WASHINGTON, D.C. – (RealEstateRama) — President Trump’s proposal for tax reform is a missed opportunity to reprioritize and rebalance federal housing policy. By raising the standard deduction, Mr. Trump’s tax plan would lead to fewer households claiming the mortgage interest deduction (MID) – a $70 billion tax write-off that primarily benefits higher income households. Without additional reforms to provide a greater tax benefit to low and moderate income homeowners and to reinvest the savings into providing affordable rental homes to those with the greatest needs, Mr. Trump’s proposal would amplify MID’s regressive effect; only the wealthiest Americans would benefit.
The National Low Income Housing Coalition’s United for Homes campaign calls on the president and Congress to embrace smart, direct reforms to the MID. This includes reducing the amount of a mortgage eligible for a tax break from $1 million to the first $500,000—impacting fewer than 6 percent of mortgage holders nationally—and converting the deduction into a credit, creating a new tax break for 15 million low and moderate income homeowners who currently do not benefit from the MID. This would result in $241 billion in savings over 10 years to be reinvested into critical rental housing solutions, like the national Housing Trust Fund and rental assistance, for families with the greatest needs – not to pay for lowered tax rates for billionaires and corporations.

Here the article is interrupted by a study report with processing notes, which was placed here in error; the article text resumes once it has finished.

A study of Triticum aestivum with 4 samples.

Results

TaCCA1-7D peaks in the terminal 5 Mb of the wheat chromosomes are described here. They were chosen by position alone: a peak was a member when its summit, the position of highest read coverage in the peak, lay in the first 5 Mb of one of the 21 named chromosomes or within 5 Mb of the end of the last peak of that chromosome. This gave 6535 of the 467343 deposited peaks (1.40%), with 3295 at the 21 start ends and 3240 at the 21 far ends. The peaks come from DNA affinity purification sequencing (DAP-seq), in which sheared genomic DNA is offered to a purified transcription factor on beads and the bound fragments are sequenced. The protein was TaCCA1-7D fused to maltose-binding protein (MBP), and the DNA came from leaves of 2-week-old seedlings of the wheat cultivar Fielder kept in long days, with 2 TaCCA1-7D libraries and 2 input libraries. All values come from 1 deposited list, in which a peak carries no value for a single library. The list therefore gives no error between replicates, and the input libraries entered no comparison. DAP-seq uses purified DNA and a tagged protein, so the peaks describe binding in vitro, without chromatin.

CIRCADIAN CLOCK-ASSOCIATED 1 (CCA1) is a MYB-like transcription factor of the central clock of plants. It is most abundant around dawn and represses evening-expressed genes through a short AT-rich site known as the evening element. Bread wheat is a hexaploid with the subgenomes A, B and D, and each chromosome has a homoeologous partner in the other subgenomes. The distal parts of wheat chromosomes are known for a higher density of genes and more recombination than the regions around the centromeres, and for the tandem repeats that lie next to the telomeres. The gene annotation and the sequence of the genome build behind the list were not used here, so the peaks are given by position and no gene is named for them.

Having an affordable place to call home transforms lives—giving people the stability they need to achieve economic mobility, improve their health, and allow children do better in school—and an investment in affordable homes creates jobs and strengthens communities.
If Mr. Trump is serious about putting forward tax reform proposals to spur economic growth and help everyday Americans who have been left behind, he has sorely missed the mark.
Established in 1974 by Cushing N. Dolbeare, the National Low Income Housing Coalition is dedicated solely to achieving socially just public policy that assures people with the lowest incomes in the United States have affordable and decent homes.